We Are Tired
There are no other words for it. Just tired. You could add in cranky and short-tempered if you want, but I think that first simple, declarative sentence covers it.
If you have kids at home, I know I’m preaching to the choir. If you don’t–or you’ve forgot–you may need an explanation.
It’s not just the sleep. Our girl sleeps now more than she has before (though not consistently, so we’re still no stranger to 3am cries we can’t quite get to the root of), and she goes to bed at an hour that allows us a moments of calm before we’re carried off into our separate couch naps–the sort of naps that replace a full REM cycle for parents.
Allow me to describe the lifecycle of a proper parental couchnap:
- One parent places their feet on the others lap, usually pulling a blanket up to their chin, in full repose.
- The other parent, with those feet in their respective lap, makes sure said feet are covered, places their own feet on an ottoman, in full recline, and pretends to watch TV.
- Much channel flipping ensues, as the currently awake/reclined parent is disallowed from watching any shared shows on the DVR.
- Cut to an indeterminate amount of time later. The parent in repose stirs awake and moves feet to stretch. The parent in recline then rushes awake and bats at the things (cats? muskrats? small dogs?) moving across his/her lap. This same reclined parent then attempts to move their own legs, slowly realizing they’ve fallen completely asleep due locked knees.
- Both parents now struggle to wake, snores and drool turning to grunts and gulps of water; the TV is still on and remarkably, both parents realize they dreamt about shiplap and kitchen remodels, as they just subconsciously watched a ton of Fixer Upper, and now, sleep slowly replaced with cognitive function, the realization dawns that $175k gets you a parking space here, not a 2500 sq.ft home and remodel.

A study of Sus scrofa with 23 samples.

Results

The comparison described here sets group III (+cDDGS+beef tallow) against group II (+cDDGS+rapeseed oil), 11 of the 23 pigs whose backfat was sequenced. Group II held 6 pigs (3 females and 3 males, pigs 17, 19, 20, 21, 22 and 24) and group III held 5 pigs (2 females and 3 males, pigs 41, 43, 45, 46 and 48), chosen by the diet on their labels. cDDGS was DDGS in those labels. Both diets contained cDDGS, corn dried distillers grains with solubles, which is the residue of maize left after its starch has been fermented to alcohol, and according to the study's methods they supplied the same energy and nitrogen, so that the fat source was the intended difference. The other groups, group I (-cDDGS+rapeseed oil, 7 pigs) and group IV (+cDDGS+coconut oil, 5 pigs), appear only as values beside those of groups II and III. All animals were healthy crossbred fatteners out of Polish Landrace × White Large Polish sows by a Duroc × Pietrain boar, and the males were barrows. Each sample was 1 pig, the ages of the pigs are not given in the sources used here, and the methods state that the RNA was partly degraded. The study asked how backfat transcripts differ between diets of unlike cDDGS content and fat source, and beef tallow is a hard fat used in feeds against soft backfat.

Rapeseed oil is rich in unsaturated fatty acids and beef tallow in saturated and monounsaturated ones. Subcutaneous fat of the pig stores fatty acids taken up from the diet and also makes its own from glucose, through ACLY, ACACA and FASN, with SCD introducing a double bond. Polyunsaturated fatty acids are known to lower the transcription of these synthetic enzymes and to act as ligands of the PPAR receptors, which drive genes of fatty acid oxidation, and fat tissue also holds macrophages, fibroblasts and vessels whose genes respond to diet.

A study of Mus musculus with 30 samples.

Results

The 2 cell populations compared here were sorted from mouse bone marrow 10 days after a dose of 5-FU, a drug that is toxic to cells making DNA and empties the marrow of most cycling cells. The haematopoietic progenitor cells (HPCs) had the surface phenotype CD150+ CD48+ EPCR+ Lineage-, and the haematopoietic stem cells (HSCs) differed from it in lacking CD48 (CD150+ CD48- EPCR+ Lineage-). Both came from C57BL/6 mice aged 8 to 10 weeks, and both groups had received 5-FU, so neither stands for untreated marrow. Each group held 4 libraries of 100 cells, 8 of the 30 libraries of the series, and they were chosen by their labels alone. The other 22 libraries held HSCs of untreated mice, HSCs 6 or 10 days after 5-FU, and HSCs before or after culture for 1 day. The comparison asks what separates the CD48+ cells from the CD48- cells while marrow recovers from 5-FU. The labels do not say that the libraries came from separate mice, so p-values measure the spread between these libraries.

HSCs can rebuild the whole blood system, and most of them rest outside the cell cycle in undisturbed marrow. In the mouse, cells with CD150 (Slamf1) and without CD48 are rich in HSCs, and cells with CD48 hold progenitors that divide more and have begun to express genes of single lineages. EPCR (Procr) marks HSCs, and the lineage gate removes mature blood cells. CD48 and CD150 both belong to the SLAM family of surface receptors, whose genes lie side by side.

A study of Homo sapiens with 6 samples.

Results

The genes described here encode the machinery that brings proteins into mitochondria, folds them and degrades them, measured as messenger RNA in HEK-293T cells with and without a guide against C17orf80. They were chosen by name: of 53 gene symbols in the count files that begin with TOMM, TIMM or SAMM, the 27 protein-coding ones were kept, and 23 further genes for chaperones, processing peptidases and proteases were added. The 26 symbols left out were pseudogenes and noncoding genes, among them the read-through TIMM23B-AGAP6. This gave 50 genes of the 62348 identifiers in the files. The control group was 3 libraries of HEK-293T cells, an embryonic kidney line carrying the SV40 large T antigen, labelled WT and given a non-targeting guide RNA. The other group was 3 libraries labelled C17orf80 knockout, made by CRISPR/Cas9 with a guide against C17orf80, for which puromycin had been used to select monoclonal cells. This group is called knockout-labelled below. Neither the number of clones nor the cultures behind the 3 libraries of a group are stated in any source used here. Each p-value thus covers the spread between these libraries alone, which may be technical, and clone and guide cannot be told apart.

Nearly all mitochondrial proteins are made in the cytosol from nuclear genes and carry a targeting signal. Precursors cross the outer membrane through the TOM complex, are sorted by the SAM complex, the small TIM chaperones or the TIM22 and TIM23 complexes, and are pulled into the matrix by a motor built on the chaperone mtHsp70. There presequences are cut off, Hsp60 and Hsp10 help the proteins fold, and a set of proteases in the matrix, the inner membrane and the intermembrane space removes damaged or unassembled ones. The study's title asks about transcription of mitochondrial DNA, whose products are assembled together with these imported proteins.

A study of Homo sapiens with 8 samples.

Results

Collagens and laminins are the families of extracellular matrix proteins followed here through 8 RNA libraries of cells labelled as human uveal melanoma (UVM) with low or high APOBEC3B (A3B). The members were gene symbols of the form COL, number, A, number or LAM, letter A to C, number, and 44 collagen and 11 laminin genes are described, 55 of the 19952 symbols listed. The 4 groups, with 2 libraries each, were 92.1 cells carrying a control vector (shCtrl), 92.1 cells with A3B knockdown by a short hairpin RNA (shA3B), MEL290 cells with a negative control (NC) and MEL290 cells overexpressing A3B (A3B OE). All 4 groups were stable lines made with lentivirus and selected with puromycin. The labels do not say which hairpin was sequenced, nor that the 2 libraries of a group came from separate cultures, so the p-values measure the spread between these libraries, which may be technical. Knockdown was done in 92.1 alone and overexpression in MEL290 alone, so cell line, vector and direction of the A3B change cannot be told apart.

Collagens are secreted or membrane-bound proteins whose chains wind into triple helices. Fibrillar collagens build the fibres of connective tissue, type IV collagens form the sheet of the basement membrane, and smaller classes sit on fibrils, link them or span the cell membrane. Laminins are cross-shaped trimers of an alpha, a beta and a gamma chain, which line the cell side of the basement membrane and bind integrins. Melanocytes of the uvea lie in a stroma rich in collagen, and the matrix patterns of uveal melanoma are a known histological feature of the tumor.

Wait, where was I?
Tired, that’s right. Tired.
It’s not just sleep. Or the quality of sleep. Or home prices in Waco, Texas. Sometimes it’s the unadulterated sameness of every…single…day.
We wake, a girl crawling between us thrashing us about the head and shoulders with “hugs” owing more to professional wrestling than affection.
We walk downstairs and start coffee, staring blankly at the Playmobile figures strewn across the main room.
Coffee in hand and girl bouncing between a couch and a table, dropping new stuffed animals and books in her wake, we consider the morning and the when and how of getting a girl to daycare and two parents off to separate workplaces (one by car, the other by bus) with our clothing maybe mostly free of tiny-tot snot and milk stains. The plan is often the same, but new wrinkles (Morning meeting! Dentist! Overslept!) throw enough monkey wrenches into our mix that we have to think about it.
Now begins the baby-fighting portion of our day. These are the moments we spend cajoling a small child to eat food that’s not straight from a pouch, or donning clothing that is distinctly not-pajamas. There is back-arching, body-rolling, shouting, crying, and the occasional near-naked sprint through the hallway to punctuate these moments of joy.
The child is fed. Clothed. Coated, hatted, mittened, and ready.
The dreaded car seat is next, followed by tears at daycare** and a parent or two dejectedly driving back home or to work or the bus stop
- **About our tiny child. She knows of what she does. She cries in our arms at daycare, then we hand her to Alli or Jessi, the sainted daycare owners, who talk to her for approx. 3.2 seconds, creating smiles where mom and dad created tears. Then as we leave, waiving through the window, that dear child laughs at us, knowing her act has created the exact situation she intended: hugs, attention, joy.
Now, reverse the order and change the concept of “daycare” with “crib,” only with louder cries at food plus maybe the whole family taking a bath, even as the child is the only one to enter the tub, and you have a good guess at the evening portion of our day.
Just add wine, mix, and repeat.** Try again the next day.
**But wait, there are smiles, and laughs, and giggles and even hugs from a small child in here, too. What, you thought we were masochists?